John Podesta had written an op-ed in the Washington Post “trashing” the FBI – as CNN’s Jake Tapper put it – for spending more time investigating Hillary Clinton’s email server than on the DNC hacks (and/or leaks).
Attorney General Loretta Lynch did not agree with Podesta’s sentiments, saying that while he’s “entitled to his opinion,” “he’s not involved in the on-going investigation, so he wouldn’t be privy to everything that would have been done.”
Lynch of course is going along with the scripted and unsubstantiated claims that Russia was behind everything, but she’s not going to say that one investigation was more important than the other. They were two separate and different cases, the importance of which can’t be measured by Podesta’s perception of the FBI’s reactions.
Here’s CNN’s Jake Tapper’s interview with outgoing Attorney General Loretta Lynch, taken from RCP:
TAPPER: I have to ask you about this op-ed in the Washington Post by Clinton campaign manager John Podesta. He said he’s “surprised to read in the New York Times that when the FBI discovered the Russian attack in September of 2015 it failed to send even a single Agent to warn senior DNC officials. Instead messages were left with the DNC IT help desk.”
Is that accurate? Is that an accurate description of the outreach that the FBI did to the DNC and if so, is that sufficient?
LYNCH: So as we talked about earlier this year, the investigation into the hacks of the DNC and DCCC is an on-going investigation. It’s an active investigation. So I am not able to comment on the specifics on how people were contacted. But I can say, that the FBI has worked closely with those organizations both to discuss what we learned about the hacks and to gather information about them so that we can continue this investigation.
TAPPER: Whether or not you can get into specifics, is it true that there was this level of calling the DNC that doesn’t sound particularly competent or doesn’t sound like it has an urgency that one would think. Is that description that Podesta makes accurate?
LYNCH I can tell you that this investigation was taken seriously from the beginning. This is an incredibly serious issue. I can’t comment on Mr. Podesta’s sources or where he gets his information. Or why he has that view. But what I can say is that he’s not involved in the on-going investigation so he wouldn’t be privy to everything that would have been done or said to that. But as I said, he’s entitled to his opinion.
TAPPER: But’s he not entitled to his facts and that’s what I’m wondering about. Whether his facts are accurate. Because he says, quote down right infuriating nearly the exact same time that no one at the FBI could be bothered to drive 10 minutes to the DNC, two agents accompanied by attorneys from the Justice department were in Denver visiting a tech firm that had help maintain Hillary Clinton’s email server. He is suggesting without question that Hillary Clinton’s email server got more attention from the Justice Department and the FBI than this hack investigation by Russia. Which I think is fair to say seems fairly serious.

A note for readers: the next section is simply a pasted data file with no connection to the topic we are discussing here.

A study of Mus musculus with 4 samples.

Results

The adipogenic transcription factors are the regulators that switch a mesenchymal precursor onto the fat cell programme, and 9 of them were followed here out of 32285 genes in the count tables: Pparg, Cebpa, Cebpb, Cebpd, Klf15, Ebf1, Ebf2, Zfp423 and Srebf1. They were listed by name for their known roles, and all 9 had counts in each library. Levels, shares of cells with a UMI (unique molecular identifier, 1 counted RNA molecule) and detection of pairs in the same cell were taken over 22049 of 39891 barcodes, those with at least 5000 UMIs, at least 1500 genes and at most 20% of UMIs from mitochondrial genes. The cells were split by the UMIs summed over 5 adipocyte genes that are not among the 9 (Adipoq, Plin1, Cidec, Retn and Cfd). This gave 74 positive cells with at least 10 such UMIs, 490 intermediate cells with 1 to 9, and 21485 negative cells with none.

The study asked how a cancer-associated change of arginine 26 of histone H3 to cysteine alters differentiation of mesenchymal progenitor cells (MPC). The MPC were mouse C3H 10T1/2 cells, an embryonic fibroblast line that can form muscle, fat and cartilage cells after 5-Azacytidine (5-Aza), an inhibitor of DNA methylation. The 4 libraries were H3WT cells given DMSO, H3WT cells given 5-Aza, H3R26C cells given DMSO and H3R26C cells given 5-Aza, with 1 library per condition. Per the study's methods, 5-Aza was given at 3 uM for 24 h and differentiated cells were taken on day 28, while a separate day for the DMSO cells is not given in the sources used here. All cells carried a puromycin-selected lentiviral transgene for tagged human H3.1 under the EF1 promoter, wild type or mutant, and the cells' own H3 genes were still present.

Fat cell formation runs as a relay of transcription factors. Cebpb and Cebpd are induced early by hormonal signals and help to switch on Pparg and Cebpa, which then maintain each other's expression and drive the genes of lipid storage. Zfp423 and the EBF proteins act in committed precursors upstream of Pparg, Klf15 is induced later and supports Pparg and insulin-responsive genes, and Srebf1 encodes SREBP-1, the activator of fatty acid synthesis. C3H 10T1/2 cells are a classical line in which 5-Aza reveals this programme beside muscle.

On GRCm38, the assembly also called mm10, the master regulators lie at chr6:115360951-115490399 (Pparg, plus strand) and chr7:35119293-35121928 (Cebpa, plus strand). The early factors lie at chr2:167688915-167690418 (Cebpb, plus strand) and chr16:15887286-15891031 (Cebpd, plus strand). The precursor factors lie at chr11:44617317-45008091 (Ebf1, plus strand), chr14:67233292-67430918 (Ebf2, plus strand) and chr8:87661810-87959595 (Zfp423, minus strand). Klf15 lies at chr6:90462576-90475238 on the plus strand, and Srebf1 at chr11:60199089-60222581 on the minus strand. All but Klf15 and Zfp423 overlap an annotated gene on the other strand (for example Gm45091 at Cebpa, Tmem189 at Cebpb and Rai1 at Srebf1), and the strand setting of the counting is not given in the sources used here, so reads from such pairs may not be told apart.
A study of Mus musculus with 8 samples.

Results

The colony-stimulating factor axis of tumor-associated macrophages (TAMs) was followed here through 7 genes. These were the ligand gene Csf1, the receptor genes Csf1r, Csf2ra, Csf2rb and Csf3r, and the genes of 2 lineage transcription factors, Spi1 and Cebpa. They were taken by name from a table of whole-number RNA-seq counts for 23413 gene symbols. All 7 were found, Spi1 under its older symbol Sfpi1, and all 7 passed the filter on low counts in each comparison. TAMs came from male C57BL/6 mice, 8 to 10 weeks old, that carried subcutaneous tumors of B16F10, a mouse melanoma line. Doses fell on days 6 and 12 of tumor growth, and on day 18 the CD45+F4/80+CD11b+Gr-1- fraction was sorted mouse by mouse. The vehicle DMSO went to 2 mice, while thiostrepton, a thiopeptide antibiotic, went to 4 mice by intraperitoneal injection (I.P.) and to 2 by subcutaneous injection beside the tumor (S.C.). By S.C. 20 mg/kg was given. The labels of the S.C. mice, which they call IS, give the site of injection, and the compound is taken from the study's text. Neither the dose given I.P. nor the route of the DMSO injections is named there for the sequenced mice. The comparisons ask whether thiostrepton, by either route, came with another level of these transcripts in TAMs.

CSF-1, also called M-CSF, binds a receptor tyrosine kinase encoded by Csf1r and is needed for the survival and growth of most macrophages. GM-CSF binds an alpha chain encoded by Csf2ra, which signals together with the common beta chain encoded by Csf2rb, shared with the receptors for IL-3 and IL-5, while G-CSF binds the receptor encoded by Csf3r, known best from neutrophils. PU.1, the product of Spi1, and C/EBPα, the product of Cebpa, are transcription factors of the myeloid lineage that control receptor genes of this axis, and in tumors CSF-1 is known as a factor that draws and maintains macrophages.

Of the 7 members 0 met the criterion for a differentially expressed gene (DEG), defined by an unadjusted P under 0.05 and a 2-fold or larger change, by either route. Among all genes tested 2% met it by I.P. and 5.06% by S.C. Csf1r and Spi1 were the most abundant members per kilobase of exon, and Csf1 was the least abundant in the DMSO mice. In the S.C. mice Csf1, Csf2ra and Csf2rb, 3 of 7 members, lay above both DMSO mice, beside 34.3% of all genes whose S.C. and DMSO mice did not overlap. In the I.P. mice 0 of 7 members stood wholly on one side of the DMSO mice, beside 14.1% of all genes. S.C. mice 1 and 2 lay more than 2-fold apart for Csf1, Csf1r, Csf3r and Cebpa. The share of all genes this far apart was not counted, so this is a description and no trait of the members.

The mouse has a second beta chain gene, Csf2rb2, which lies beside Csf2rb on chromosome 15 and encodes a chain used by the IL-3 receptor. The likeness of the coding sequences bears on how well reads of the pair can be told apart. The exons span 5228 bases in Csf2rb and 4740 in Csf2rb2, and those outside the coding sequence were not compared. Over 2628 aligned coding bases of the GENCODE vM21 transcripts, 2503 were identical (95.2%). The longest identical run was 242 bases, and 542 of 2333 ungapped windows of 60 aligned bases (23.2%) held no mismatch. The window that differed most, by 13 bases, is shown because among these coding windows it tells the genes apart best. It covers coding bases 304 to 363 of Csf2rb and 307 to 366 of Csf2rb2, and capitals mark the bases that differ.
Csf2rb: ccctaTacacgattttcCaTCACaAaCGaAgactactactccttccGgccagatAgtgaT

LYNCH: Well that’s an on-going investigation, so I will say it’s been taken very seriously.
TAPPER: Did the Clinton email investigation get more attention than the hack?
LYNCH: You can’t characterize it. And I don’t think it’s going to be helpful to try and draw equivalencies to any investigations with others to say, therefore it means that one was more or less important. Because one is resolved right now. One is finished and one is very active and very on-going. So there you see a great deal of activity still continuing.
TAPPER: I know you can’t comment on the active investigation. But let me put it this way, John Podesta is out there trashing the FBI. He is saying that the investigation into the hacks of the DNC was sub-standard. And that’s clearly what he’s saying. Do you agree with that characterization?
LYNCH: I don’t. I don’t. First of all, the investigation isn’t even over. So I think it’s impossible to characterize it in any one way or the other. I also think that – – again, I don’t know where Mr. Podesta is obtaining information.
TAPPER: He said the New York Times story. There’s a big New York Times story. I’m sure you’ve read it.
LYNCH: I know also because of his involvement with the campaign, he’s going to have a certain interest in this and a certain view of that. So again, I allow him, he’s opinion. Everyone has a great deal of respect for him. So I allow him that opinion, but I disagree with that, if that is in fact the characterization he’s trying to make. I think you got to look at every investigation separately. You got to look at every case separately. And you got to allow for the fact that the way in which someone may be contacted isn’t indicative of the fuller relationship they develop or the response they may have gotten initially from that organization as well.
There are some political dynamics at play here. Loretta Lynch is the head of the Department of Justice, which is ostensibly independent of the President’s influence. The FBI is under the DOJ’s authority. Lynch can’t come out and criticize an organization which she oversees. She’s got to have their back.
Another dynamic explains why the CIA – which is under the Office of the Director of National Intelligence (ODNI) – has been so quick to blame Russia. The ODNI is directly under the President, and the CIA reports to the ODNI. They’re not independent of the President.